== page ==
Saturday, July 03, 2004


I want to nominate the film, “The Notebook”, for the creative work which most advances the illness of codependency this year. If ever there were an enabler, this film is the one. Not only does the film bore an astute watcher to tears because its characters are unbearably and unwaveringly sickly sweet (i.e. unreal), but it advances an unhealthy and unattainable view of the marriage relationship. I feel so certain in my judgment of the film that I tell friends they should see the film. If they like the film, they are probably codependent or have a codependent’s outlook on life and love. If they hate it, they are probably pretty good relationship material.

First, note the principles who put the film together and acknowledge the overarching influence of a dead man on their creation. Think John Cassavetes, the brilliant but troubled director and actor whose directorial roots trace back to the beatnik films of the 50s. In 1960 he directed the experimental film, “Shadows”. Cassavetes lived and died the life of the alcoholic.

John’s son, Nick Cassavetes directed “The Notebook”. John and Gena Rowlands created Nick. Gena also stars in “The Notebook”. With two members of the same alcoholic’s family in key rolls, you gotta think, “codependent tendencies”. Not only that, James Woods and James Garner costarred in a film whose name escapes me which was an autobiography of the two founders of Alcoholics Anonymous, Bill Wilson and Bob Smith, so I gotta think that Garner is in that same bottle somewhere. I couldn’t find their film in the “2002 Videohound’s Golden Movie Retriever”. I think that’s because the film was not a paid endeavor by the two men, and they didn’t want to get any personal gain out of it.

Why is “The Notebook” the story of a codependent relationship? Let me count the ways. The film opens with a couple who are residents of a nursing home. The woman (Gena) suffers from old age dementia. She can’t recall who her children are nor her husband. Her husband, of course, is James Garner, but we aren’t told this right away, though it’s obvious immediately. Every day Garner reads to Gena from a notebook which contains a story about young lovers; he’s obsessed with calling her back to him from her dementia. Eventually, she does remember that their story is the story in the book. Then they both die. Their tear-jerking death is artistic manipulation to the max—which is another characteristic of the addicted personalities who made the film.

The film is death obsessed. Most of the film is flashbacks to the old couple’s youthful love. Not only does the film end in their tear-producing joint death, but on one of their first dates, the young man lies down in the street at two in the morning and dares his date to do likewise, teasing death. In order to force the young woman to go out on a date with him, the young man hangs from a ferris wheel, interrupting her in the middle of her date with another, and threatens to let himself drop to his death if she won’t go out with him. This stunt climaxed weeks of hounding her for a date. Also in the film, almost as an aside, WWII is dragged in, during which the young man’s best friend dies in combat. Then, he’s forgotten. That death is gratis.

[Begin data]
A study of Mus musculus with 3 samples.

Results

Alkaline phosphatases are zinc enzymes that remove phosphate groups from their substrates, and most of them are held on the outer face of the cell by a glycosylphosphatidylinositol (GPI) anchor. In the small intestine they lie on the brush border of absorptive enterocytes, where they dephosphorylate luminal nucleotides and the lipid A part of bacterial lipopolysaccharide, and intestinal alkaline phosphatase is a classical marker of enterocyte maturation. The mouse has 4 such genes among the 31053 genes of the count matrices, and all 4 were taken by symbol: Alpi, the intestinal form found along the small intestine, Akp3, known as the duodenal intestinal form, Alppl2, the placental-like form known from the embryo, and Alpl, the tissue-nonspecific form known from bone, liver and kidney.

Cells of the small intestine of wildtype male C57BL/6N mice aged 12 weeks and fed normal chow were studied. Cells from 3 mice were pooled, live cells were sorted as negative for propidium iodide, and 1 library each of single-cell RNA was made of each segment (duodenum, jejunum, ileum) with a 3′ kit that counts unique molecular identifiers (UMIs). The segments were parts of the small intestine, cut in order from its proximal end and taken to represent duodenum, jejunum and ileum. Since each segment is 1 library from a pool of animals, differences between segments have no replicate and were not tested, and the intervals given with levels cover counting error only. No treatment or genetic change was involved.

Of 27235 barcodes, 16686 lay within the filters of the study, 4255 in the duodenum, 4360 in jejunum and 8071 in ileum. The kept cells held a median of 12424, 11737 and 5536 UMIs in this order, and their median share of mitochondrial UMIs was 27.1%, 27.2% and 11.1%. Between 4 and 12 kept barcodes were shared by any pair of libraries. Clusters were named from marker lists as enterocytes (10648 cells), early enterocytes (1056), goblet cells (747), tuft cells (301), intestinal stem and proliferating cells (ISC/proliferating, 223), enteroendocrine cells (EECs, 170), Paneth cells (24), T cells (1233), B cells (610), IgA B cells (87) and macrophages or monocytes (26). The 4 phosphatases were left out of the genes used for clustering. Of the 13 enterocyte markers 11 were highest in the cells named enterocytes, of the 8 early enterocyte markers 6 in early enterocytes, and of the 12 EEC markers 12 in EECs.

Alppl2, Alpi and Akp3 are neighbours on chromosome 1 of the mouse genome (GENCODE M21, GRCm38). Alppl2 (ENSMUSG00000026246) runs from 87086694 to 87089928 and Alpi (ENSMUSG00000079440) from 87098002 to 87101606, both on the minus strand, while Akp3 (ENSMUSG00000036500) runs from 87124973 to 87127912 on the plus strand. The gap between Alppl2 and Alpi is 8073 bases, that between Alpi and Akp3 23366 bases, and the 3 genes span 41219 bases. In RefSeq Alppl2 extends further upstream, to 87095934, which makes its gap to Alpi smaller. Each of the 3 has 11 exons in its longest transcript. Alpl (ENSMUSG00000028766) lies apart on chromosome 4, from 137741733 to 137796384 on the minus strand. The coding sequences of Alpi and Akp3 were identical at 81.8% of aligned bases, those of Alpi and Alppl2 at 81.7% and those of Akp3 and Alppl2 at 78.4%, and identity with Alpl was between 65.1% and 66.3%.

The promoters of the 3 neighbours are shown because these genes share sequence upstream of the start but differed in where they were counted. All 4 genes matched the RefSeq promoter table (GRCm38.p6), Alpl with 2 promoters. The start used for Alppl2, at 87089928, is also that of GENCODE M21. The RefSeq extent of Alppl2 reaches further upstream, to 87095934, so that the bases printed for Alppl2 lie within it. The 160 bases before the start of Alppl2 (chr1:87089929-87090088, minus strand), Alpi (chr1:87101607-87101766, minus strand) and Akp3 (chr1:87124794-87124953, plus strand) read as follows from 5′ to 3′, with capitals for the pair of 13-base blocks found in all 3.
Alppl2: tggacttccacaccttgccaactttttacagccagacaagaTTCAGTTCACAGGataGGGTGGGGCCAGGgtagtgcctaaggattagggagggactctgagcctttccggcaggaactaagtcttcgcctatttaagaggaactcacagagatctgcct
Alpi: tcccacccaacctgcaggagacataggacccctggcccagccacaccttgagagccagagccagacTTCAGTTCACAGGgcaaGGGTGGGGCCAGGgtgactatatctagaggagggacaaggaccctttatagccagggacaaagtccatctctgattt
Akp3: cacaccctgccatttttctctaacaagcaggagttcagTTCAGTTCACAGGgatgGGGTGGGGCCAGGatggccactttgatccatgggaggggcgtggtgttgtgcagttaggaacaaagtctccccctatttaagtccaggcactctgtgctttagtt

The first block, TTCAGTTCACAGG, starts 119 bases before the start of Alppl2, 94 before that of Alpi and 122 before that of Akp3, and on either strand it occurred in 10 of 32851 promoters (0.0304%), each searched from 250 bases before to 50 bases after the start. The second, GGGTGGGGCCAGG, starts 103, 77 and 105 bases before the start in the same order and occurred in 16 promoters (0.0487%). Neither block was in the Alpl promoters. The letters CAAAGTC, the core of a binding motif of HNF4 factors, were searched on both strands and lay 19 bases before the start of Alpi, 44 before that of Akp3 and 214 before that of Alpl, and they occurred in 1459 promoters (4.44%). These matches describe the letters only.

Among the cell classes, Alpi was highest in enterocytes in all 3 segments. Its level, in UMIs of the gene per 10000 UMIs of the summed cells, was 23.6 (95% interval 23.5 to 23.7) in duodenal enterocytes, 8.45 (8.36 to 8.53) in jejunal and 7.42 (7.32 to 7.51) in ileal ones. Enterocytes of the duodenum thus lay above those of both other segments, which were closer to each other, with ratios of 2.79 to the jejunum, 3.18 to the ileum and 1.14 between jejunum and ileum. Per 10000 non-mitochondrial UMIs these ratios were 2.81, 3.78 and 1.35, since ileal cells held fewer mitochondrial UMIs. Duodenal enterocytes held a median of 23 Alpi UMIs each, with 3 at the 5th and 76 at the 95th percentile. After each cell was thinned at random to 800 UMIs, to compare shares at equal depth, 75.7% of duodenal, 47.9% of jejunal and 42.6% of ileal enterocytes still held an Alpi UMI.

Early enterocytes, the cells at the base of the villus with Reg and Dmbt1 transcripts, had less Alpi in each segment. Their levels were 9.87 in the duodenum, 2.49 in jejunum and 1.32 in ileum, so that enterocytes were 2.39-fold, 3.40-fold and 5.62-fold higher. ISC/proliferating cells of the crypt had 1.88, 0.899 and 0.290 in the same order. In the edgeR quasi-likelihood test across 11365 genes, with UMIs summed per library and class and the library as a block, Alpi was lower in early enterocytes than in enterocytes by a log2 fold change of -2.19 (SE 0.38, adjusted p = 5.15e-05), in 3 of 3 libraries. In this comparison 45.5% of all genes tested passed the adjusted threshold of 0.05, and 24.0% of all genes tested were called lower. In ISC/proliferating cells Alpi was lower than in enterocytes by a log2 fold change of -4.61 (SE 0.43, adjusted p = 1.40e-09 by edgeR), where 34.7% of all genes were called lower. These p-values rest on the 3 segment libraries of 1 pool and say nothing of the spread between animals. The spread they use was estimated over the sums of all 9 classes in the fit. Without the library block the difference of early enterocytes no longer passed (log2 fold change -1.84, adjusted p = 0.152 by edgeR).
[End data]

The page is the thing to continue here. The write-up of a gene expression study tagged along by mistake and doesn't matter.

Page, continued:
Another sign of codependency is the way the young man fixates on the girl the first time he lays eyes on her. He can’t get her out of his mind, and he won’t leave her alone. He harasses her. Definite signs of a budding codependent relationship are love at first sight and compulsive pursuit of the love object.

The most glaring sign of the young man’s alcoholic, codependent nature is a line he gives the girl early on. “Tell me what you want me to be. I’ll be anything you want.” A core sign of a sick relationship is that one or both will give up themselves, their lives and ambitions and their very personalities in order to please the other.

In another compulsive act, the young man, after the war and after losing his girl due to parental interference, rebuilds an antebellum southern mansion that he visited with the girl when they were first dating. They nearly had sex there. Almost as an afterthought, the girl tells him she’d like a porch to go all around that relic of slave days. (Now isn’t that interesting—slave days and codependency and the still sick, southern culture which influences George, dry drunk, Bush!) The young veteran puts her porch around his old mansion even though the girl is out of his life and, in a city far away, planning a wedding to another young and unbearably sweet dude.

Strip away all the story line, its cutesy schmaltz, that John’s son, Nick, covers the empty characters with, and you get the picture of a desperate, lonely, willing to do anything to be loved, young man, an alcoholic looking for an enabler to put his life together for him. The characters are as empty of love as the lives of real codependents are. I can almost imagine Gena having a lot to do with putting the film together, hoping to prove to herself at last that John, the now deceased drunk, really did love her by reinterpreting their life together in this insane and obnoxious film which makes no sense to anyone with the least bit of wits about them. Any sane person will tell you that an obsessed man like the young man in the film, and the old man too, is more likely to desperately stalk you, harass and kill you when you try to leave him than to be in love with you. If this film does too well at the box office, I see one more sign that the sick Fifties are back.

"The vast majority of our imports come from outside the country." —George Bush
(Thanks, George. We didn't know that.)